Sixty days after Easter Sunday, on Corpus Christi, locals celebrate the tradition of 'L’ou com balla', or 'the dancing egg'. For this day, church fountains all across Barcelona are lavishly decorated with flowers, and an egg is set atop the stream of water, where it does its dance. No one knows exactly how the curious tradition started, but the most widely accepted start date is 1637 at the Barcelona Cathedral. Today, locals flock there or to one of the other city churches to witness the egg, which represents rebirth or Holy Communion (depending on who you ask), bounce and twirl and dance. This year, from June 15 to 18, you can see the dance for yourself at the cloister in the Cathedral, as well as the cloister in the Basílica de la Purísima Concepción (Aragó, 299), the gardens of the Frederic Marès museum, or at the Historical Archives of the City of Barcelona.
In recent years, the tradition has grown in popularity, and the egg also dances in other traditional spaces such as the Capitania General palace (Passeig de Colom, 14), the Maritime Museum, the Casa dels Entremesos, and the gardens at the Ateneu, among others. At the Jardins de Rubió i Lluch (Hospital, 56), they've even prepared a carpet of flowers to go along with the dance.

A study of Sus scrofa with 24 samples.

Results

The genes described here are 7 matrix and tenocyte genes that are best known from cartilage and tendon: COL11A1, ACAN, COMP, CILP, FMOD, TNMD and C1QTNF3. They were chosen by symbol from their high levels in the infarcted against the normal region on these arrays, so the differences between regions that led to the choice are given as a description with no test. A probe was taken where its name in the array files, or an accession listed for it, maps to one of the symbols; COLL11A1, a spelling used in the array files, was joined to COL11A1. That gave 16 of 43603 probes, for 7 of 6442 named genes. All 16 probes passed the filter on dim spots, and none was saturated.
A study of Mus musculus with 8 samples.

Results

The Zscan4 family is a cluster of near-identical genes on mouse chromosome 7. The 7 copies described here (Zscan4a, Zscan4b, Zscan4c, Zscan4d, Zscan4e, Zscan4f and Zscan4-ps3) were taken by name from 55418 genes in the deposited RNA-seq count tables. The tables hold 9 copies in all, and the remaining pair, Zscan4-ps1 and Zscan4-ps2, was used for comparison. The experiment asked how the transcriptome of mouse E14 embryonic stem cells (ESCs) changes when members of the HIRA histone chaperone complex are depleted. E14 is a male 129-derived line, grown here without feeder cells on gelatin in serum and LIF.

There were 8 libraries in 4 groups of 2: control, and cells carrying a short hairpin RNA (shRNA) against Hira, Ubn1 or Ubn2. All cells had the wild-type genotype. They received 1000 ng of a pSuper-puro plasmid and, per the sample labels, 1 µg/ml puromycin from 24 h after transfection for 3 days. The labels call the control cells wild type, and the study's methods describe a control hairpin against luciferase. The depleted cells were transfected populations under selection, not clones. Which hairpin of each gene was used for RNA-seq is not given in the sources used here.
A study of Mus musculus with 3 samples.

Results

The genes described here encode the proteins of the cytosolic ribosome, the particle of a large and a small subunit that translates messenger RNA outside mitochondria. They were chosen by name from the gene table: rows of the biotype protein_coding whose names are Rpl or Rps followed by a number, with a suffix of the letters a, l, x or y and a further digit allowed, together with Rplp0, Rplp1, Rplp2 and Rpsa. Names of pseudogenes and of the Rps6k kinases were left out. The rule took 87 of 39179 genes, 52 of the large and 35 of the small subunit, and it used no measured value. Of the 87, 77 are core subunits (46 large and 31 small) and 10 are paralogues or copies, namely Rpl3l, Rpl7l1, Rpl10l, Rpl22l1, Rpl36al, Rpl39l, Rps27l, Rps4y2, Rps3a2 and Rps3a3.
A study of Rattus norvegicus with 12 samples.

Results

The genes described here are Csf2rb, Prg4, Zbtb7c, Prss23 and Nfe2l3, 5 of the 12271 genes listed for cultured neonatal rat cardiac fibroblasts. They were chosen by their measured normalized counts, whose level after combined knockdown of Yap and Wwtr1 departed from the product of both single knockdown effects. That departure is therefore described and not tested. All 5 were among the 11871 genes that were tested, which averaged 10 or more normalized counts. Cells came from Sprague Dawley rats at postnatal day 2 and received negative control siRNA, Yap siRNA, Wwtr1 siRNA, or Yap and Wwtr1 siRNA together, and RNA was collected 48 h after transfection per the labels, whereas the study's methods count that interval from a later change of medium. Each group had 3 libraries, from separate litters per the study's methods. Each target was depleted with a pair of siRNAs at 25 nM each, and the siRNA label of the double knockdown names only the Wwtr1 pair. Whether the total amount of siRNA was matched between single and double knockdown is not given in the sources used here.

Another highlighted activity during Corpus Christi is Open Day at various emblematic buildings around Barcelona. From the Ajuntament government building to the Pedralbes monastery, to other lesser-known places such as the Acadèmia de Bones Lletres (Bisbe Caçador, 3). Find more spots celebrating Corpus Christi Open Day.
What's more, on Sunday 18 you can catch the festive parade that closes the celebrations. It kicks off at 7.15pm from Plaça Sant Jaume, and heads along C/ del Bisbe and Plaça Nova, where it joins up with the Corpus Christi procession, which itself leaves from Av de la Catedral at 7.45pm, heading then to Plaça Nova, C/ dels Arcs, Portal de l'Angel, C/Comtal, Via Laeitana, and C/ de Joquim Pou, before heading back to the Av de la Catedral once again.